Remember the fundamentals? Through all of the hoopla of Dow 24,000, the sturm and drang of the tax reform passage and the potential impeachment of the president for authorizing someone to talk to the Russians-which I didn't know was illegal-there are companies doing things that matter.
Yep, I never dismiss the big picture. I am all over it. At all times. But the small picture has to be front and center because you must always remember that not every company is caught up in the big picture and so often it turns out that the big picture presents real opportunities to buy the stocks of companies at prices you never thought possible or didn't think you would ever see again after this amazing advance.
Take this very morning. Two companies, VMWare (VMW) and Nutanix (NTNX) had just reported last night and they were two of the biggest blowouts of the year. Both companies help clients use the cloud to further their businesses. Both seem to have more business than they can handle.
High quality problem.
I knew from their conference calls that these two stocks would be up huge and it was too late to even contemplate telling people to buy them.
But sure enough, in large part because of the headlines out of Washington, VMWare and Nutanix each took a tumble, the former right at the opening and the latter soon after. I am not a trader any more but let's just say these were two very undeserving gifts to prospective shareholders and I was in disbelief when I saw the prices given how well these two companies are doing.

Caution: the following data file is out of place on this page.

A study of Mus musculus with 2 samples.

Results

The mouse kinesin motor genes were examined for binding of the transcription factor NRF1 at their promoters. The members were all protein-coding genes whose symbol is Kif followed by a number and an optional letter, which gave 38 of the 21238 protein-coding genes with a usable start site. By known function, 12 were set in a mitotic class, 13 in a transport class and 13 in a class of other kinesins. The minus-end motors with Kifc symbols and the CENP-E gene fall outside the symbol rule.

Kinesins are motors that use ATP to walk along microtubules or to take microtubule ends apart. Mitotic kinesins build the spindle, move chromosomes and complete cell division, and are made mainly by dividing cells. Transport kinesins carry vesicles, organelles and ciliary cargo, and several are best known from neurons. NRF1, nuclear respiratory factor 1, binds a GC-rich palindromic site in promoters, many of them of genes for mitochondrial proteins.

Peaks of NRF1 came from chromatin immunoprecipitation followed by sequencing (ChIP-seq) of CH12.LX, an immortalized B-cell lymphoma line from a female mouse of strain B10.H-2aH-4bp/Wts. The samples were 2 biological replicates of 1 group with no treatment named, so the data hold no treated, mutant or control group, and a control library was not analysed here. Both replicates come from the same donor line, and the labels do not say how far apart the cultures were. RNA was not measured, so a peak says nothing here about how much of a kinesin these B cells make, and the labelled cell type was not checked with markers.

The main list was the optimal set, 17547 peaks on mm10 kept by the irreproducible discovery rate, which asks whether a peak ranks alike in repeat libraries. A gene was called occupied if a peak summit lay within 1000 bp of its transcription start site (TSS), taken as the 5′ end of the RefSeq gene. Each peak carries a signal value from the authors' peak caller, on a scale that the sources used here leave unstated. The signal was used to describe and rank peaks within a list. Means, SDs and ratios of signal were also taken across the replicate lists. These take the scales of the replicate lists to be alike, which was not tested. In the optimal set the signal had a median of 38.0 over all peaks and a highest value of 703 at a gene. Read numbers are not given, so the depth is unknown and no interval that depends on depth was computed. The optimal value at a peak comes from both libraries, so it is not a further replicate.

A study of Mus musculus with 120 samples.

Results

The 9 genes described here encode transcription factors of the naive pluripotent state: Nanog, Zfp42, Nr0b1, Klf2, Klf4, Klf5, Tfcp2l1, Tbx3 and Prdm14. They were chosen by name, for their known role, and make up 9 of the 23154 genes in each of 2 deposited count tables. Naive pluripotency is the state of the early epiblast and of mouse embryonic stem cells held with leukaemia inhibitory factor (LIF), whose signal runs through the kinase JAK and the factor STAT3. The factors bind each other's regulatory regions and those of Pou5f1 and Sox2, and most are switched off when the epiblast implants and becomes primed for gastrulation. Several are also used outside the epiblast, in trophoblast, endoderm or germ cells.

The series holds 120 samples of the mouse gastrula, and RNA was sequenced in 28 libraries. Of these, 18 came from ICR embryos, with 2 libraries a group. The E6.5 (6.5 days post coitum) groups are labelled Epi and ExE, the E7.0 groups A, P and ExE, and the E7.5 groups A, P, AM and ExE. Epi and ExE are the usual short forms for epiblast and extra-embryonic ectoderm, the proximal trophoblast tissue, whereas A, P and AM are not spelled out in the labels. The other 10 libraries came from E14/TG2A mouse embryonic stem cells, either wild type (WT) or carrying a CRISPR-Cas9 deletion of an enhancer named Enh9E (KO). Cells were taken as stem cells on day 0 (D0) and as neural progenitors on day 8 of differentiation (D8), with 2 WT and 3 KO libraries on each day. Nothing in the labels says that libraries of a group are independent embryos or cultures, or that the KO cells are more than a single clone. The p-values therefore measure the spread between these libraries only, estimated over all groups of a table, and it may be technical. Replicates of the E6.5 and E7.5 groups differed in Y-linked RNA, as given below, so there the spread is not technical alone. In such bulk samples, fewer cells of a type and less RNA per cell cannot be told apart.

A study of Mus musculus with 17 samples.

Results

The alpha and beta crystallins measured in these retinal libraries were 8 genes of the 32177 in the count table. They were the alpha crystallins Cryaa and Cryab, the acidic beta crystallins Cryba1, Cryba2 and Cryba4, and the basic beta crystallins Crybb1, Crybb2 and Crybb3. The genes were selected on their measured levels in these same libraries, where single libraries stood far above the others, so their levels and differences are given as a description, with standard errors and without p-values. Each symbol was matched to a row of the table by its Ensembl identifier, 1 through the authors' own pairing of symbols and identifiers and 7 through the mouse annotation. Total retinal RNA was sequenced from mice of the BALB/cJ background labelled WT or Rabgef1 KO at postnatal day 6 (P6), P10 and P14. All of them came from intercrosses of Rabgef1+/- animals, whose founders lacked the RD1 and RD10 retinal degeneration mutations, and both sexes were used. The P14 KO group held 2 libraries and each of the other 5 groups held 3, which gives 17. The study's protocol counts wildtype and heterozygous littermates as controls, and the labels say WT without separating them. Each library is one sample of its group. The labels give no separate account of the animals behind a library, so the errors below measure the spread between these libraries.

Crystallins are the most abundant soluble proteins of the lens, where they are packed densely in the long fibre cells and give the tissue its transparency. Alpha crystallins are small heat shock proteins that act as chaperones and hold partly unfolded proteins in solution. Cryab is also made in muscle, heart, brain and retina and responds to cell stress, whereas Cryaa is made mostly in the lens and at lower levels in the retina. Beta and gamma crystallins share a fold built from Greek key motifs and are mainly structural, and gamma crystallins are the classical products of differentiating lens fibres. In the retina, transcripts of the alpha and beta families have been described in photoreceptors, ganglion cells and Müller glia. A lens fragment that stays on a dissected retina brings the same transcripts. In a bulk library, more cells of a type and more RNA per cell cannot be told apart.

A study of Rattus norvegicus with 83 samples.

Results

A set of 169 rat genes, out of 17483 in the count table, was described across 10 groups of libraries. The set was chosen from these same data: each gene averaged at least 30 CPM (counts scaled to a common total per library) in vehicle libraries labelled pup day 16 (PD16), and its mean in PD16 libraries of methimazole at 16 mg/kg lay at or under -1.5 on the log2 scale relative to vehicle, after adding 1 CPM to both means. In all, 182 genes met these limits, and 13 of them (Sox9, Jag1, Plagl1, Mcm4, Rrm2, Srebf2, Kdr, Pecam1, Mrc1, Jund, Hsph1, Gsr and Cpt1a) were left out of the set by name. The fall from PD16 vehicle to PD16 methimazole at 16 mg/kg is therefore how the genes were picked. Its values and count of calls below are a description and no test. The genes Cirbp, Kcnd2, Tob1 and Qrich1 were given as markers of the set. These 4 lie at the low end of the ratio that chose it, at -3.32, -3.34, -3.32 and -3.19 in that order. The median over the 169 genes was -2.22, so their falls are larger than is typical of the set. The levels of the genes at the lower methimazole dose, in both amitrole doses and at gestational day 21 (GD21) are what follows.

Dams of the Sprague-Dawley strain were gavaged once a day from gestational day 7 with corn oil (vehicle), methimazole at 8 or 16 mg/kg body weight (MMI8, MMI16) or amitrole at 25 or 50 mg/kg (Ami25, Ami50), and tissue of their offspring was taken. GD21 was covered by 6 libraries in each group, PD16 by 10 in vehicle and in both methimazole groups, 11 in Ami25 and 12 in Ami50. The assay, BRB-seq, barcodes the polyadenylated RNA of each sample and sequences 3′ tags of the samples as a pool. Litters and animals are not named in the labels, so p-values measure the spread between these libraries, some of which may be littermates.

It's never too late to buy shares in great companies but part of the task of rigorous investing is to let the stock come to you. Tax bill failures, Michael Flynn's lies and the blaring sound of Dow 24,000, at what looks like a most inopportune time, all conspired to give you a chance that otherwise shouldn't be available.
Same thing goes for the oils. It is now obvious to pretty much everyone that a combination of OPEC discipline and worldwide demand have conspired to bring prices higher than most people thought would occur.
Yet, the S&P's gravitational pull allowed you to buy stocks that are levered to crude at almost unchanged prices. Now, again, you can say this is just trading, Jim, and you are about investing. That said, I do not frown on trading, and you don't get these kind of opportunities very often.
Of course, we have to pay attention to some of the weaker stories out there and the confusion created by the non-business headlines obscured what was an excellent opportunity to let some Ulta Beauty (ULTA) go at almost unchanged prices. Ulta warned that gross margins would not be as good as some on Wall Street had hoped, yet the stock was acting well. Upon closer review, though, you were given a chance to see through the smoke of the battle to make a trade and roll out of the stock even if you want to get back in at low prices.
Finally there is the big lesson: no one ever made a dime panicking and selling right into the teeth of a decline, but many have made money using that decline to buy what they want. Panicking is not a strategy. Sure the market might go lower on some sort of new revelations about the president. But you must never let something like that disturb your powers of concentration. If you can't handle it, I always say, there's plenty of alternatives: mutual funds, S&P index funds or even CDs. If you can't handle the pain, if something non-stock clouds your vision, it's best to put your money in someone else's hands who can be cooler, calmer and less susceptible to distracting and emotional thinking that is almost certain to produce disappointing returns.